By Thomas R. Collins
Of all the tense exchanges over the years between city leaders and residents over whether to save the old Boynton Beach High School, it might be hard to find one more openly bitter than the one between Mayor Jerry Taylor and 50-year resident Victoria Costello recently.
“You could tear it down and build something as nice or better for less money than that,” Taylor said, to catcalls, as the commission considered a historic-preservation ballot item.
Costello came up to the microphone and scolded him.
“Don’t you ever say, ‘Tear down our history,’ ” she said. “What do you care about this city? … As far as you care, just rip it down.”
“That’s right,” Taylor told her.
“That’s disgusting,” Costello said.
“I’m sorry. That’s the way I feel,” Taylor replied.
Yes, the question of saving the school is as hot as ever.
Commissioners decided at their last meeting not to put on the ballot an item asking voters whether they’d be willing to spend $5.4 million on bonds to save the high school — a victory for preservationists, who feared the measure would never pass and who now have the time to put together a financial package to pay for the job instead.
“I believe that we should study this a little bit further and we should put the pieces together,” said Barbara Ready, chair of Save the Old School Space committee. “There’s a lot of funding out there available that we need to take advantage of before we go to the voters and ask them, in these times, to approve further debt.” She presented a rough proposal for turning the old high school into office, retail and cultural space, estimating that the job could be done for about $6 million, with a contribution of about $2 million from the city.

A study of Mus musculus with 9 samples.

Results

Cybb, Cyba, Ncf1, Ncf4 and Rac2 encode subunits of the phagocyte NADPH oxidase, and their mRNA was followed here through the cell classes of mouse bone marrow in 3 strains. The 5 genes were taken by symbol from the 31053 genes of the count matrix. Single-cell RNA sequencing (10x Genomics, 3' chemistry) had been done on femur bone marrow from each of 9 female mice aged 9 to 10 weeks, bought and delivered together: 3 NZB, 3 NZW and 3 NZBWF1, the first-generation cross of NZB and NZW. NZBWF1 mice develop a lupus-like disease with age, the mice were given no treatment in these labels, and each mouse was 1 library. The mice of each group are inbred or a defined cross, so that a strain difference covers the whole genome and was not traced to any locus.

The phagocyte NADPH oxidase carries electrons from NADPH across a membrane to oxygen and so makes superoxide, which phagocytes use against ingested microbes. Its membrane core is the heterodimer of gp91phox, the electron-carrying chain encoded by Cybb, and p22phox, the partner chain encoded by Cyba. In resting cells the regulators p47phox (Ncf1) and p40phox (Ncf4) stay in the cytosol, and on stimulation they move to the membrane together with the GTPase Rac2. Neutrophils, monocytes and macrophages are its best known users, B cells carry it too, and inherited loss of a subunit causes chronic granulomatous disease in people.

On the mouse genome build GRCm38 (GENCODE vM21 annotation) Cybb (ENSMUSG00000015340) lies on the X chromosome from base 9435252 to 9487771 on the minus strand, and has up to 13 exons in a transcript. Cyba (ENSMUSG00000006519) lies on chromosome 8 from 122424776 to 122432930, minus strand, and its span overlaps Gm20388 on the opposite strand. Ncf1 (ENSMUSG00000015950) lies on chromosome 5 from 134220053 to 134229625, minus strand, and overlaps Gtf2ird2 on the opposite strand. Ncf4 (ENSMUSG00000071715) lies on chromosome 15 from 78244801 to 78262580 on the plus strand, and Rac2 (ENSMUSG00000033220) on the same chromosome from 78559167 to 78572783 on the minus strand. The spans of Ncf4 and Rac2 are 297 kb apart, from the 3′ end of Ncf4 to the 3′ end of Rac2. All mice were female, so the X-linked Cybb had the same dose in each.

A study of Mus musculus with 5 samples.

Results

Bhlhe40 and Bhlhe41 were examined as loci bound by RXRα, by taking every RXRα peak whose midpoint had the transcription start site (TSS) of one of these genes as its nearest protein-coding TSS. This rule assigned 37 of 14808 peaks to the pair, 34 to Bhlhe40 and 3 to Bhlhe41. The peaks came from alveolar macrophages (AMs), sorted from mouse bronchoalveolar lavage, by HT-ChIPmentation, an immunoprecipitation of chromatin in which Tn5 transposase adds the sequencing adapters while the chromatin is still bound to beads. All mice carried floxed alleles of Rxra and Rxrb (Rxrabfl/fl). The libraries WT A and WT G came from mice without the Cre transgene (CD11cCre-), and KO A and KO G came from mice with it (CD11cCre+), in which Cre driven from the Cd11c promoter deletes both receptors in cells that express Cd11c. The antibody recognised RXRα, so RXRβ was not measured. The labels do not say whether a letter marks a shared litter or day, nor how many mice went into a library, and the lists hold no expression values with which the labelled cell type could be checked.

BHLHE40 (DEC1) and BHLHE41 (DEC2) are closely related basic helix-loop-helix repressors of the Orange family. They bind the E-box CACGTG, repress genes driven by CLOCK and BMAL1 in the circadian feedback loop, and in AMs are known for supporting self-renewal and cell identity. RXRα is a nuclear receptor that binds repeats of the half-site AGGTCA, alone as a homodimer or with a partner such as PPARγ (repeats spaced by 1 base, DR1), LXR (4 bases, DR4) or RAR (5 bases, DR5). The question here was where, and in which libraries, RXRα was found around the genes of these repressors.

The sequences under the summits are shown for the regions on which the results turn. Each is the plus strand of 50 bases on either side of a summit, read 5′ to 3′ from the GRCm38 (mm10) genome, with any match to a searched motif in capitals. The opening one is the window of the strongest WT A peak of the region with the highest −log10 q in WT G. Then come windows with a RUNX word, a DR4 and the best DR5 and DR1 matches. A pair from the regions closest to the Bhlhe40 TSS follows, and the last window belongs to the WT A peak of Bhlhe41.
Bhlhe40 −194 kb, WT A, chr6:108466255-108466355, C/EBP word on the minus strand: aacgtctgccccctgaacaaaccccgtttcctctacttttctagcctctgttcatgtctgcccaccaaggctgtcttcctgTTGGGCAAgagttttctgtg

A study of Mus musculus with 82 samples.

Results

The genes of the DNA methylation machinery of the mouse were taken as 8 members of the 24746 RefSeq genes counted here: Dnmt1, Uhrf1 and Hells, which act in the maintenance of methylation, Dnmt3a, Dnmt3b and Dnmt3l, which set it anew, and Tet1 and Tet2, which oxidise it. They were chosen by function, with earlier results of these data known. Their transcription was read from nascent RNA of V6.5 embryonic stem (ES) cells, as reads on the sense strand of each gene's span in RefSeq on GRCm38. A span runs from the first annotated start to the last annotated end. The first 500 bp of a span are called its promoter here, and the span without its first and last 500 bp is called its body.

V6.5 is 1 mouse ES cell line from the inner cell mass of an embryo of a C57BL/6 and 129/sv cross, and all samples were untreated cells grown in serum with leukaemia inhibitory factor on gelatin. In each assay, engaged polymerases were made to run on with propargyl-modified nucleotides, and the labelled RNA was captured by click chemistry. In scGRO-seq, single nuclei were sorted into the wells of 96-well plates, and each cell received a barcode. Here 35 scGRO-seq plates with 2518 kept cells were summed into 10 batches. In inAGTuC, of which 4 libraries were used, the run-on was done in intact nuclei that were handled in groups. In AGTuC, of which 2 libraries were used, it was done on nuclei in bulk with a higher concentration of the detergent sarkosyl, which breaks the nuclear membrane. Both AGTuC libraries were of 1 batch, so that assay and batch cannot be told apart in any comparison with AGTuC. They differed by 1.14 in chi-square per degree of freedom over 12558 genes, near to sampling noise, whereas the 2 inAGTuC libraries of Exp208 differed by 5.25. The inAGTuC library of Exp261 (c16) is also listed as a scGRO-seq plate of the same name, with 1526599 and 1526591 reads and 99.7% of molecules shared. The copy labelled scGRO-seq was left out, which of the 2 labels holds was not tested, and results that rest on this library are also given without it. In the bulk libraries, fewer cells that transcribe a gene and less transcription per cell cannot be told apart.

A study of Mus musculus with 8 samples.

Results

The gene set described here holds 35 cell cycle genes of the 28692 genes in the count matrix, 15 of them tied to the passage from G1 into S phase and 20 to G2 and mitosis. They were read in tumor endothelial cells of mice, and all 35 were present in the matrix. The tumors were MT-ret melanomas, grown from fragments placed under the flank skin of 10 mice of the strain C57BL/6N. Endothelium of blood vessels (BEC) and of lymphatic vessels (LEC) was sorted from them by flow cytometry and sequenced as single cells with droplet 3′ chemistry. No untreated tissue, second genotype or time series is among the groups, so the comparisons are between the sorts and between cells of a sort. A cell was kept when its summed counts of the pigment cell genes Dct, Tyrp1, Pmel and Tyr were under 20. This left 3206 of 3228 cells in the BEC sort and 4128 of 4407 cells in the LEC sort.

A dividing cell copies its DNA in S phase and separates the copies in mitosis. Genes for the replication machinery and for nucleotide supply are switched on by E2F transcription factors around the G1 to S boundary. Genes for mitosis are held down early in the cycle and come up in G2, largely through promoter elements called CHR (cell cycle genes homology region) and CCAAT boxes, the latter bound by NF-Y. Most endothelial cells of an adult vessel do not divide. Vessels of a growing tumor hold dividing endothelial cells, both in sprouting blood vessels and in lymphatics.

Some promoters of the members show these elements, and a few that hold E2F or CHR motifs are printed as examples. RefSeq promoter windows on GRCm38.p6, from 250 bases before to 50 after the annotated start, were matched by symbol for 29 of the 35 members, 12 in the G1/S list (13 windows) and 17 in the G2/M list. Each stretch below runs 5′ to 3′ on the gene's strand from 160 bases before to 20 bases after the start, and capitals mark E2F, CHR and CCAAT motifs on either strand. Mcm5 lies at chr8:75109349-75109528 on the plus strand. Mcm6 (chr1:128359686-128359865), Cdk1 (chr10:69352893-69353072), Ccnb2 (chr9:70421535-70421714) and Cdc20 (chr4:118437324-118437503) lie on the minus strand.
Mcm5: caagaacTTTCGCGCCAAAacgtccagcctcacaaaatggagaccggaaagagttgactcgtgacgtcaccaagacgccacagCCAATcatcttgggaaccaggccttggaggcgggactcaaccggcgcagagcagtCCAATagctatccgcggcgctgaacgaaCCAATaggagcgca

The bill could be paid for partly by tax credits and loan assistance, she said.
Not designating the entire building as cultural space means part of it would be generating revenue. But she urged the city to do a feasibility study to examine it more.
The 1927 building is on the Florida Trust for Historic Preservation’s 10 Most Endangered list. The vote not to put it to voters was 3-2, with Taylor and Commissioner Ronald Weiland voting no, saying the voters should decide.
“You’ve got to go ask them whether they want to go out and borrow the money right now and redo that building and if they want to, great, I’ll be a hundred percent behind them,” Taylor said. “The city doesn’t have the money.”
Weiland doubted that any plan would actually work.
“We’ve been beating this up for more than 10 years,” he said. “I don’t see it happening.”
Commissioner Jose Rodriguez, who made the motion to abandon the ballot item, said that the building can be saved if the effort is made.
“This is history,” he said, “and once you tear it down, you cannot rebuild it.”